Photo: NBC (Getty Images)

Bill Daily, the veteran sitcom actor who played Roger Healey and airline navigator Howard Borden, two of the most beloved affable goofballs in the history of television comedy, has died. According to Variety, Daily was 91.

Although he started out as a stand-up, and worked as behind-the-camera talent in Chicago-area TV—where he first met friend and future co-star Bob Newhart—Daily eventually made the move into acting. After a few appearances on sitcoms like Bewitched and My Mother The Car, he broke big in 1965, when he was cast in a regular role on Sidney Sheldon’s I Dream Of Jeannie.

Daily later noted that his take on Major Healey—who, like his later Newhart Show character, Howard, was a variant on the old “annoying sitcom neighbor” archetype—was based largely on an impression of Bob Hope, playing him as an occasionally womanizing, scheming dope who nevertheless charmed audiences on a regular basis. Daily ended up spending five seasons on the series, staying with it until its cancellation in 1970. (He also happily returned for multiple reunion specials across the following years).

Two years later, Daily was working alongside his old pal Newhart on his self-titled and critically beloved sitcom. As Howard Borden, aimless airline navigator, Daily dialed back some of his Jeannie character’s more self-serving edges, investing the character instead with a clueless childishness that made him a perfect foil for reserved, put-upon psychologist Robert Hartley. Daily spent six years on the series, barging in to the Hartley apartment, mooching food from his buddies, and coming to Bob to solve his ridiculous romantic woes.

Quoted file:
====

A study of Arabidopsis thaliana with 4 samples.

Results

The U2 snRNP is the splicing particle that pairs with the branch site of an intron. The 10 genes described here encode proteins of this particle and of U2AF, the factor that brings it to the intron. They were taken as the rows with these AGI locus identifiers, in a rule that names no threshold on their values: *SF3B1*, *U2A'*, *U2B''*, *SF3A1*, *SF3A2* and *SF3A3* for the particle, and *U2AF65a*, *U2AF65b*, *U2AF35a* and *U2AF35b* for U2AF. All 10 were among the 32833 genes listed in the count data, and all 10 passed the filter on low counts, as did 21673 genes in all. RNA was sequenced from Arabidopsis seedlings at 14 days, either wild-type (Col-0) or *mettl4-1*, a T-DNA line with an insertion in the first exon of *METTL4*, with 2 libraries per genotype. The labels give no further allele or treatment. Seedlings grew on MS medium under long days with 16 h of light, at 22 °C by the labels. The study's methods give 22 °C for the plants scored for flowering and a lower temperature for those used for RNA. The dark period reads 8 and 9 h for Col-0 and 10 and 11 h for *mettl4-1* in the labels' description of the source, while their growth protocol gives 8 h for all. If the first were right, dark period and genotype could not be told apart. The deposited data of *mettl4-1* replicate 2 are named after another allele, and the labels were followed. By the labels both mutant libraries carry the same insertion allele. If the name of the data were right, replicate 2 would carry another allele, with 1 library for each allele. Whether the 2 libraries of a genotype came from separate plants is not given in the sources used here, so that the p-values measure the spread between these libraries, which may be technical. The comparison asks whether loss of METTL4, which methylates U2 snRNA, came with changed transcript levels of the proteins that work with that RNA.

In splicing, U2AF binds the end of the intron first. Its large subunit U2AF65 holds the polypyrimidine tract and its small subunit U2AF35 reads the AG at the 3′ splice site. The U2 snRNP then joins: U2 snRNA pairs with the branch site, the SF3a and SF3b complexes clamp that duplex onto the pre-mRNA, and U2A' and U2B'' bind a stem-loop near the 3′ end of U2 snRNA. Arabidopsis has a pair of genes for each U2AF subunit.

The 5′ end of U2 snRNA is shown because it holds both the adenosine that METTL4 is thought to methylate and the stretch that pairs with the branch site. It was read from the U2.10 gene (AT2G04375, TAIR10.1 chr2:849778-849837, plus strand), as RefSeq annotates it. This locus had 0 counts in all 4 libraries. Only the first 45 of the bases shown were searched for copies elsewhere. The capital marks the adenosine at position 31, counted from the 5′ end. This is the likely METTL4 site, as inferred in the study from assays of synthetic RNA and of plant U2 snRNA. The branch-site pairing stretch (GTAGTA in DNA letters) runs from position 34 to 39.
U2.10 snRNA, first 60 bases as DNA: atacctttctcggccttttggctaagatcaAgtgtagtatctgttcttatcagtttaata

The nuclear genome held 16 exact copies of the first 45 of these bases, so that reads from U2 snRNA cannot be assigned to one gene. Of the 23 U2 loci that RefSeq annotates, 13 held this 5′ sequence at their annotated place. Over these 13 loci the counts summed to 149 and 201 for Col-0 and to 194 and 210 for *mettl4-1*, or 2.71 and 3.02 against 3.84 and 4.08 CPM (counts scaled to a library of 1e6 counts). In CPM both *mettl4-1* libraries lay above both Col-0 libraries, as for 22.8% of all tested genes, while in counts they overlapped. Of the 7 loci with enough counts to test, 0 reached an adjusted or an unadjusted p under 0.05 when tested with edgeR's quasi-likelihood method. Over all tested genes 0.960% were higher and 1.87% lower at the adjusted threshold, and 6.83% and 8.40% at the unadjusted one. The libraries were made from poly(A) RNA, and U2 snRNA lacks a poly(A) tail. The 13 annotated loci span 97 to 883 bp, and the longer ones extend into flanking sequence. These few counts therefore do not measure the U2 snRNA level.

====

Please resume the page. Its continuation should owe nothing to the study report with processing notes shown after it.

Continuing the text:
But while his sidekick credentials were unquestionable, Daily’s subsequent efforts to lead a series of his own never came to much fruition. (Here’s a telling quote from his Wikipedia page about his second such effort, 1988's Starting From Scratch: “It fared slightly better than [earlier solo effort] Frye, and was canceled after one season.”) Still, he appeared regularly in guest star roles—including a semi-regular gig on ALF, and a single-episode appearance on Newhart, riffing on his and Bob’s old dynamic—and apparently leveraged his love of magic into a series of kid-focused specials, Bill Daily’s Hocus-Pocus Gang. (Tragically, video of the specials doesn’t appear to have made its way online.)